Lizards Have Been Caught Using Bubbles To Breathe Underwater

Although it has been well documented that some insects and invertebrates can breathe underwater using bubbles, a recent discovery has been made where a small lizard has been seen doing the same.

Oxygen-filled bubbles

The recent discovery involving six species of Latin American and Caribbean lizards, also known as anoles, has found that they have the capability of blowing a bubble that will cling to lizards’ water-repelling scales and allow them to breathe underwater for extended periods of time. This is the first time this has been seen, even though it has been observed in some other species of insects and invertebrates. They appear to use the bubble as a way of exhaling air and breathing it back in. Scientists wanted to test the theory, and have found some are capable of staying underwater for around 15 minutes.

It is similar to a rebreathing device

Lizards using bubbles to breathe underwater have been described as being similar to a rebreathing device used by scuba divers. Also referred to as a rebreather, the device allows the diver to recycle exhaled air, and inhale to breathe in the unused oxygen in it. One scientist not involved in the study thinks that they do this to rid themselves of the carbon dioxide in their lungs as it might escape through the surface of the bubble. It could be used, in well-oxygenated streams, as a physical gill that pulls gas from the water.

It has been seen before in some insects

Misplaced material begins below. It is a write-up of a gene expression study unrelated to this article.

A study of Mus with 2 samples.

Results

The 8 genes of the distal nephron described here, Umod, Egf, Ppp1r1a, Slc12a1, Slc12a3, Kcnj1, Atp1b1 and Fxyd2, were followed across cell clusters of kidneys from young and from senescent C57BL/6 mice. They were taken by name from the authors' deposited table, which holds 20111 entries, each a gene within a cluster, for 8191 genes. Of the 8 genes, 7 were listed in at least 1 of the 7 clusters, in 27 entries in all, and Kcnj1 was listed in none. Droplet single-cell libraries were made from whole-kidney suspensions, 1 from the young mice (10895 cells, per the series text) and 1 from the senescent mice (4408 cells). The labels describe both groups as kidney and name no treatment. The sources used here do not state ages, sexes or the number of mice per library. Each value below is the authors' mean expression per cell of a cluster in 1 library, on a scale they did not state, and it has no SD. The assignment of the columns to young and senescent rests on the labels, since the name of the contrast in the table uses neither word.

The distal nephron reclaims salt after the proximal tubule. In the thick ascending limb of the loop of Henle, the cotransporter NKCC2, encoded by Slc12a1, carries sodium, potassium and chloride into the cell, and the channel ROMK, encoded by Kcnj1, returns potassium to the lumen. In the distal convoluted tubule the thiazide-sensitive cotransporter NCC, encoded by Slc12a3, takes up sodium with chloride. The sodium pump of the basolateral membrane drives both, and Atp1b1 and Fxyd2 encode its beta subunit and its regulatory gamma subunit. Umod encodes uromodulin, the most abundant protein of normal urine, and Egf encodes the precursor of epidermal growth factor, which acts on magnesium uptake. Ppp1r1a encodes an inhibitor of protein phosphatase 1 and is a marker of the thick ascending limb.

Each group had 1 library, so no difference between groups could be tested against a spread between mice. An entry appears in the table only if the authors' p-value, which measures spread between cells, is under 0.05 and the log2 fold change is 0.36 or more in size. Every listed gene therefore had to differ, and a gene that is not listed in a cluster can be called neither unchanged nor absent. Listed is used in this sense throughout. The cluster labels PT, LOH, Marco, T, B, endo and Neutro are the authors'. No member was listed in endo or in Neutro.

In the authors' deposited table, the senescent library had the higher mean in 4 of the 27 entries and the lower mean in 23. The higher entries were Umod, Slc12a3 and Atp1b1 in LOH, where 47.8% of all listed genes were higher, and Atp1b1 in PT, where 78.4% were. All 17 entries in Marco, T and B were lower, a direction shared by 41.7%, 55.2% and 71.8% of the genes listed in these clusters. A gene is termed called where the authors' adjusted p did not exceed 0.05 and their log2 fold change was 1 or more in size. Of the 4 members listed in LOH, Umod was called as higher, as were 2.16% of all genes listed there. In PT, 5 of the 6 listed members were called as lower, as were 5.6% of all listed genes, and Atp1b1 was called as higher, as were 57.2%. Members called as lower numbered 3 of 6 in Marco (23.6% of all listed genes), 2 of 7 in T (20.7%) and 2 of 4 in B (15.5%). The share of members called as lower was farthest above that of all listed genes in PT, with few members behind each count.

This isn’t something new, but it has only recently been discovered in these lizards. Some arachnids, like diving bell spiders, as well as some insects like beetles, have been observed using air bubbles underwater to breathe. The difference between these insects and the lizards is that they are far smaller. This means they can last underwater indefinitely as they have larger air bubbles over the surface of their bodies and they need less oxygen than the lizards.

To avoid danger and to hunt for food

Scientists that studied the lizards believe that they are capable of doing this to help them avoid danger from predators and to hunt underwater for small fish and other food. Some of the 400 species living throughout the tropics are semi-aquatic and will protect themselves from predators, like snakes, by diving into streams. They tend to sleep on the end of branches, allowing them to dive for cover when needed. The scientists observed their breathing bubbles by placing the anoles into containers of water. On measuring the oxygen levels in the bubbles, they found it decreased over time which would indicate that they are breathing in the oxygen.

This finding came as a surprise to scientists. They explain that it was something they never imagined would be a possibility and even though these anoles are well known for exhibiting convergent evolution,. This was something scientifically rigorous due to the careful measurements needed, but also strangely interesting. Even though it is unknown the extent of the lizards’ underwater abilities, it is something that will be researched further.